Light plays a major part of photography. In fact, some people call photography “painting with light”, while some others don’t. I was talking to a co-worker one day about photography and how photography has come a long way. We eventually got into the topic of light, and the part it plays in this day and age of digital photography.
How Important is Good Light?
Good light makes good photos, plain and simple. I would say that for a photo to draw a viewer in, the light contained in the photo must be stunning. I’d say light, good light, accounts for more than 65% why a photo is great. It’s because of the light.
Has Digital Changed The Way We See Light?
So I got to thinking… is the search for good light being ignored more so now, in the digital era, than back when there were only film cameras? It seems to me that is the case. This is of course just my opinion, but if you think about it, using a film camera kind of forces you to think harder about your exposure and actually look for good light. Digital seems to have taken the “pre-visualization” away.
I’m not saying digital is bad or that film is better. In-fact, I wouldn’t even blame one medium or the other. It’s our faults, really, because one could use a digital camera just like a film camera. Digital cameras just make it easier to take pictures. And in-turn, that seems to make us, myself included, not pay attention to good light and the lighting situation as much as we often should.
Basically what I’m trying to say, is it seems the way we look at the world through a digital camera makes us ignore light more often than we would if we’d be using a film camera.
Digital cameras allow one to take photos like a machine-gun, blindly snapping pic after pic. Sure, not every digital photographer is like that and I certainly don’t mean to bash or insult those who shoot “shotgun style” but most of the time their photos are average to below average. And they wonder why
What is “Good Light”?
Here are a few photos of mine that (in my opinion) have good light:
The Hunt For Good Light
I know one thing, I am going to look for good light more than ever now. I’m going to look for it even when I’m not shooting. I’m going to start paying more attention to the way light reacts, and study the physical properties of it so I can better understand the wonderful creation God as given us.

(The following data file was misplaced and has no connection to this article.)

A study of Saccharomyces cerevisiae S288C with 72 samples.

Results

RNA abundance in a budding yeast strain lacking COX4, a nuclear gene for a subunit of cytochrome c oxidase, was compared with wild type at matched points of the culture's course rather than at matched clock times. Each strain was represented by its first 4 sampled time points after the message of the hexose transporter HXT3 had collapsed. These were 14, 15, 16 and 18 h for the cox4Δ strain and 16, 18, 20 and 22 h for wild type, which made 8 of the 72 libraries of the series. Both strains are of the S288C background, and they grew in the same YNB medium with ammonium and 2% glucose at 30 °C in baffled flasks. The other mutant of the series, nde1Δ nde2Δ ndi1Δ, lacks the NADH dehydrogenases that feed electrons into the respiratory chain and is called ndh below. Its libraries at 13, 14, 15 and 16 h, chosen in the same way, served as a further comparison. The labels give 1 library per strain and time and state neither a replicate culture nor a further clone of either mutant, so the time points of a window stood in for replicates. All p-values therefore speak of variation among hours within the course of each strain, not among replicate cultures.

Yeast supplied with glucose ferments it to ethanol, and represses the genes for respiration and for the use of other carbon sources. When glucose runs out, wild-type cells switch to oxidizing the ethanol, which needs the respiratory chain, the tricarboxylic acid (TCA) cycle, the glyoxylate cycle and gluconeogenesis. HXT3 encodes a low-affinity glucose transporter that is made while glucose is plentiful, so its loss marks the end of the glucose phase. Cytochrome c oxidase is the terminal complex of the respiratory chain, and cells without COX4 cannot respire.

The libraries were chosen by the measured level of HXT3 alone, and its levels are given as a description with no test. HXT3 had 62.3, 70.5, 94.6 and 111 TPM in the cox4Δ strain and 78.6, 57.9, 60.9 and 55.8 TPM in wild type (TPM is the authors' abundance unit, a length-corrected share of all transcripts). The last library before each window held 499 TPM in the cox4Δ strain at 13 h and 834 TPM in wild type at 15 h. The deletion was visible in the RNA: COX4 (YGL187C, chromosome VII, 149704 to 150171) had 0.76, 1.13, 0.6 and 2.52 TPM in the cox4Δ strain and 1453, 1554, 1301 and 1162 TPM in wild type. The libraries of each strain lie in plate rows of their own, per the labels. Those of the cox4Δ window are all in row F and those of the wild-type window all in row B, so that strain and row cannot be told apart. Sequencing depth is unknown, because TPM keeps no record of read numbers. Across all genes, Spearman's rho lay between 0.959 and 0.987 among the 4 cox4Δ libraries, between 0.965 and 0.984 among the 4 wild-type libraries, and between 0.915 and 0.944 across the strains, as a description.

- How does light look when refracted off bright colored walls?
- What materials make light scatter in all directions?
- Why does that building not reflect light how I imagined?
- How could I control the light I see with my camera?
- When does natural light look best, and why?
These are just a few questions I’ll ask myself when I go out shooting. And I’ll even ask myself these questions about light even when I go for a walk, go out to dinner or go for a ride my bike.
A good book that helps a lot with how light reacts to certain materials is called “Light Science and Magic” and it’s helped me improve my studio lighting skills a lot. It teaches you how some objects and materials have different ways of modifying light, and how light reacts. It’s a really awesome book and I recommend it.
Another book is the one every photographer should own, if they don’t already own it, called “Understanding Exposure” by Bryan Peterson. Bryan shows you in a very easy-to-understand way how to get the correct exposure. Not just the “correct”, but “creatively correct” exposure. Meaning, not all “technically perfect” exposures are going to look good. He shows you how to get creative and explore light in different ways.
Want Feedback? Add Your Photos or Thoughts
I can give you some feedback on lighting situations below. Add a photo in the comments below and I’ll reply with some feedback on it. Whether it’s good, bad or awesome
Do you look for good light? If so, how? Add your thoughts and comments below and let’s get a discussion going.